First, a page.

I’ve been sent a couple of emails from people looking to get a job in search, and one of the most commonly asked questions is: what exactly is the job description?
In my experience, exactly what a role includes differs from agency to agency, or business to business. In my previous agency, the role of a content strategist was no where near as techincal as my role as a content strategist is in my current agency. I never thought I’d been looking deep-diving into techincal search aspects of a website now this time last year, when I was busy writing reams and reams of content with no clear understanding of what it was used for.
One of the best things about working in SEO is how quickly you can learn. It’s not really something that you need to have an especial aptitude for: all you need to do is know how to do it. I’ve learnt how in less than a year, and there’s no reason why you can’t either.
For those who emailed me, and anyone interested, I’ve come up with a list of requirements for certain roles within search. Of course, they aren’t set in stone; but could be a good starting point if you’re thinking of changing your career.
This is one of the roles that you do need to have an aptiude for. Not everybody can write content – and even less people can write lots and lots of it.
A content writer is an excellent role to start with if you’re new to SEO. You’ll need to:
- Be able to write content quickly, with good grammar and spelling
- Write according to briefs as specified by your agency or client
- Be able to research subjects which you aren’t too clear on
- Have a good grasp of whichever language you specialise in
- You don’t necesarily need to have a good grasp of SEO; this usually comes with time.
Outreach or PR Specialist
Roles like this are about finding links for clients. It is essential to:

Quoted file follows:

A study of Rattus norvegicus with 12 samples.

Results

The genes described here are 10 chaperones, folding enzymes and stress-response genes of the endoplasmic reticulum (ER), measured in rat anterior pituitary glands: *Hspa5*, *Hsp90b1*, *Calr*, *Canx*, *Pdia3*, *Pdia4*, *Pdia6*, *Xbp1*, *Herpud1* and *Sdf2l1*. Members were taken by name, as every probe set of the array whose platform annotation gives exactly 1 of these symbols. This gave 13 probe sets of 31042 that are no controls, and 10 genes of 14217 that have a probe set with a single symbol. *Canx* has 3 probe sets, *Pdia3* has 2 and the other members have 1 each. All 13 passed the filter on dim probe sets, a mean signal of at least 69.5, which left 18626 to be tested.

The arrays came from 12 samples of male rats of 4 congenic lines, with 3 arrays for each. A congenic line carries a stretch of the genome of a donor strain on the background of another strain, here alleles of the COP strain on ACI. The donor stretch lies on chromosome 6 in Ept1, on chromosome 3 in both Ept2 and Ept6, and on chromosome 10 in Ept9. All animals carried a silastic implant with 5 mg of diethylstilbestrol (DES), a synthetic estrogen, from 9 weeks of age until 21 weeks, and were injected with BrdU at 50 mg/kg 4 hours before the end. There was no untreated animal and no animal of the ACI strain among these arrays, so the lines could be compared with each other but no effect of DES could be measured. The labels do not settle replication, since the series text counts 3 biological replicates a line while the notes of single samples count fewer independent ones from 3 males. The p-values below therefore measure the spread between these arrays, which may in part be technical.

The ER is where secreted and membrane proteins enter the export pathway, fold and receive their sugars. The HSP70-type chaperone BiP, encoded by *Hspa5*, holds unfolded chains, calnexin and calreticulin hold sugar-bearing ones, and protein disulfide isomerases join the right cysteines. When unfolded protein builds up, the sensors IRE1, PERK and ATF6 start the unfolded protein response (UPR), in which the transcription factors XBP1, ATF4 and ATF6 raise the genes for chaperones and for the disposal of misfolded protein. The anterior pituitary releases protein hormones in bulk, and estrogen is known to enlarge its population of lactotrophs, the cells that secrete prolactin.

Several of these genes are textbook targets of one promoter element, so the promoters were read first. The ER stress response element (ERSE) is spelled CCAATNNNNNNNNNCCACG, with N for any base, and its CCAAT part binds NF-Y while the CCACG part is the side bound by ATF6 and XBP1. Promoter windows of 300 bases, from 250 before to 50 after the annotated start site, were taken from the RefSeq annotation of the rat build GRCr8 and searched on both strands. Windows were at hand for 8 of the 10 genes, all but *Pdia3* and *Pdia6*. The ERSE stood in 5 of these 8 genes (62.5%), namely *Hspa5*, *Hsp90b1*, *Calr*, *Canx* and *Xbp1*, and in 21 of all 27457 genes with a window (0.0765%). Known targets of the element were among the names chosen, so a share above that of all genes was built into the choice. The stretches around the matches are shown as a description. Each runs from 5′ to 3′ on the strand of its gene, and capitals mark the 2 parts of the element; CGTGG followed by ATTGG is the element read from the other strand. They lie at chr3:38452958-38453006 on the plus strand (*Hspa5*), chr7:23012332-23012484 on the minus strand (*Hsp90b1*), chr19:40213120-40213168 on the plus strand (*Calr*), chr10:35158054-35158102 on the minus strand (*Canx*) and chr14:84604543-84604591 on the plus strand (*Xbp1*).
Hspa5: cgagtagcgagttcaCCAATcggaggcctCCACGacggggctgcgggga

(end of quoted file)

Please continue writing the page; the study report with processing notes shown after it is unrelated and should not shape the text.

- Build good relationships with webmasters and journalists
- Answer a great deal of emails
- Have good communication skills
- Understand what content is most shared, or most linked to
- Play a key role in campaign conception
Analyst or Strategist
There can be a bit of a crossover between these roles. You need to:
- Have a strong understanding of search, algorithms, and Google
- Keep up to date with industry news
- Be able to construct techinal site audits and understand techinal aspects of a site
- Be able to use Google Analytics, and other auditing tools
- It certainly helps to have an understanding of HTML and PHP
- Be comfortable talking to clients
Depending on the agency, there may be account executive, account managers and account directors. If you’re considering a role like this, you’ll need to:
- Understand everything which an analyst or strategist does
- Talk to clients, and keep in constant contact with them
- Have good experience in sticking to budgets, and ticketing
- Advise and guide clients
- Be VERY organised
As I noted before, this is VERY broad.
On a side note, this quiz by Kissmetrics was floating about at work. It’s only a bit of fun, but it told me I’m an SEO Manager so I’m not about to complain.